Every month you delay taking Social Security up until you turn...

Every month you delay taking Social Security up until you turn 70 earns you a bigger eventual benefit. Credit: Getty Images/iStockphoto/JJ Gouin

Social Security's recently announced 5.9% cost-of-living adjustment is the biggest in four decades — good news for those who are already receiving benefits and one more reason to delay for those who haven't started collecting yet.

Anyone nearing 60 or in their early 60s has likely already heard plenty about the big financial payoff if you postpone when you start collecting Social Security past age 62. Every year (actually, every month) you delay up until you turn 70 earns you a bigger eventual benefit.

The formula for exactly how much more you get each year is based on your birth year. For someone born in 1960 or later, at age 67 — what the Social Security programs refer to as your full retirement age (FRA) — you are entitled to 100% of your benefit. Start at age 62 and your benefit will be 70% of what you would get if you waited until 67.

Wait until age 70 and your benefit will earn a delayed credit of another 8% a year for those three years, earning you a benefit 124% of your FRA benefit.

But the payoff for waiting is actually even bigger than that. Every year between age 62 and 70 that you wait to start collecting, you not only get the delayed credit, but you also earn whatever the official Social Security inflation COLA is for that year.

Recent research confirms that we’re collectively getting smarter about when to start Social Security benefits. Since 1985 the percentage of men who settled for the lowest possible benefit by claiming at age 62 has fallen by 27%, and for women those choosing age 63 has declined by 21%.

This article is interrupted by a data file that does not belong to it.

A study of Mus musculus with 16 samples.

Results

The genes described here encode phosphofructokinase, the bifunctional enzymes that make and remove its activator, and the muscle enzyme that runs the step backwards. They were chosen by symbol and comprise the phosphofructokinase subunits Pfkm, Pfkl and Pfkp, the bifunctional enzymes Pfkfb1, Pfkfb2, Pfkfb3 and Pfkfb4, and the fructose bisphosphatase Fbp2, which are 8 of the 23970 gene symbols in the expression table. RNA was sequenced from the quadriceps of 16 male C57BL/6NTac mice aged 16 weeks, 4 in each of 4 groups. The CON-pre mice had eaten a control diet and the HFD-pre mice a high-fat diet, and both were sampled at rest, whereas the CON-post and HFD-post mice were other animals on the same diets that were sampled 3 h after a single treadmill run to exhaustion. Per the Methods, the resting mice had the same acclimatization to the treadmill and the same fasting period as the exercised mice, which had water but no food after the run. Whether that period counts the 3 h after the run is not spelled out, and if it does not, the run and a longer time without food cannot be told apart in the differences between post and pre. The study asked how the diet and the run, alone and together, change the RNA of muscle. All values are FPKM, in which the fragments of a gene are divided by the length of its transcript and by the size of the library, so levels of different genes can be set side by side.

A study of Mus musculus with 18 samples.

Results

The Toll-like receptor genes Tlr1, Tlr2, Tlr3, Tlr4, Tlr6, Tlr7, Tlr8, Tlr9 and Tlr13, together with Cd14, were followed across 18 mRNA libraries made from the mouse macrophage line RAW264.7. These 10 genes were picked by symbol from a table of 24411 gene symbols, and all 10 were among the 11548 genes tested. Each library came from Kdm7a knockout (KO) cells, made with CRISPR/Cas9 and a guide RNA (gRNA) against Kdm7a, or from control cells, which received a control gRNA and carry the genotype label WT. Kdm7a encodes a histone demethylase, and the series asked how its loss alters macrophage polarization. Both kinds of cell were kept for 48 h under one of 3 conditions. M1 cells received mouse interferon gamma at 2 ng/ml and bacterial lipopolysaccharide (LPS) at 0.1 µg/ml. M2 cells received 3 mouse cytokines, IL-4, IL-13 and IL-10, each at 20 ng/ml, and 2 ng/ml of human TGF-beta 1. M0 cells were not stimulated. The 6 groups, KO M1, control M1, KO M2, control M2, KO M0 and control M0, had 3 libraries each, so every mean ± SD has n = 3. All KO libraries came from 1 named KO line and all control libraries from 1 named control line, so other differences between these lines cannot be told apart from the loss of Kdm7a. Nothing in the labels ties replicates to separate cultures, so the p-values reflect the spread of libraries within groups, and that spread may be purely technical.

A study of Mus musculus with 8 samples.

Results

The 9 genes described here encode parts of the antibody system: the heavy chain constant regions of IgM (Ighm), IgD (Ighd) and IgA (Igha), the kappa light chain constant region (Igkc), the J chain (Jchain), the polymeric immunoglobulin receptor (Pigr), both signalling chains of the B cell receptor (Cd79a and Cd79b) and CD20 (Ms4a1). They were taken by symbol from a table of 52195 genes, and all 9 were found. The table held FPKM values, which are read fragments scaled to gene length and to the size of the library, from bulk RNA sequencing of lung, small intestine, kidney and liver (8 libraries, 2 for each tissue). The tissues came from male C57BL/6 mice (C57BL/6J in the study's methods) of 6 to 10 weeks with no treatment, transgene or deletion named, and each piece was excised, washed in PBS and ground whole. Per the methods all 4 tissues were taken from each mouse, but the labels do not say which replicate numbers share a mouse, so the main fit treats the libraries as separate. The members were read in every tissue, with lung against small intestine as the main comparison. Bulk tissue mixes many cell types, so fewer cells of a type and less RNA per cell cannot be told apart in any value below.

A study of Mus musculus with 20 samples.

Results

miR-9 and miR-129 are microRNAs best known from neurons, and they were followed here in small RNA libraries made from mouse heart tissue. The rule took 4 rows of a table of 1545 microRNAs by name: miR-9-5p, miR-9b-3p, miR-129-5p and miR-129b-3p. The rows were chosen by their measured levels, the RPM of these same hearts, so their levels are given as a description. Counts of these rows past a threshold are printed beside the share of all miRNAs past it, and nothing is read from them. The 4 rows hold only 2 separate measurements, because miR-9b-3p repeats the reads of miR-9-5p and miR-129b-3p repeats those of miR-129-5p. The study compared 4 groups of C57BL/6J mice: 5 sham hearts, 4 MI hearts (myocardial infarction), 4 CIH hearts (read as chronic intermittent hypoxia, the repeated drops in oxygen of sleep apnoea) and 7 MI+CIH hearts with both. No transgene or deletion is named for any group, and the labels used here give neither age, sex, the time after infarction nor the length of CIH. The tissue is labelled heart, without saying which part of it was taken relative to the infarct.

Still, fewer than 10% of men or women are waiting until age 70 to start.

It’s important to note that for married couples, what matters most is that the highest earner delays until age 70. When a spouse dies, the survivor is entitled to one benefit, not both. This means that every surviving spouse will encounter a drop in income.

The goal is to minimize the size of that income hit. And the best way to do that is to make sure the highest earner waits to collect the highest possible benefit. That ensures that regardless of who survives, that person will get the biggest possible benefit.

If you have retirement savings in a 401(k) or individual retirement account (IRA), research suggests you’ll be financially better off using those savings in your 60s, rather than starting your Social Security benefit early.

Another option is to reframe working in your 60s. There may be an opportunity to work part time, to earn just enough (after-tax) to offset the Social Security benefit you won’t receive if you wait.

And if the thought of downsizing is something you’ve got in the back of your mind, maybe it’s time to move it to the front. The home that was great for raising your family may not have an age-in-place friendly layout, or it could be socially isolating.

Making a move sooner is going to be a lot easier than being pushed to change in your 80s. The first $250,000 in capital gains on a home sale is tax free. (For married couples filing a joint tax return, it’s $500,000.) Depending on your gain, and where you intend to land, you could pocket enough from the sale to support you while you wait until age 70 to claim the biggest possible inflation-adjusted Social Security benefit.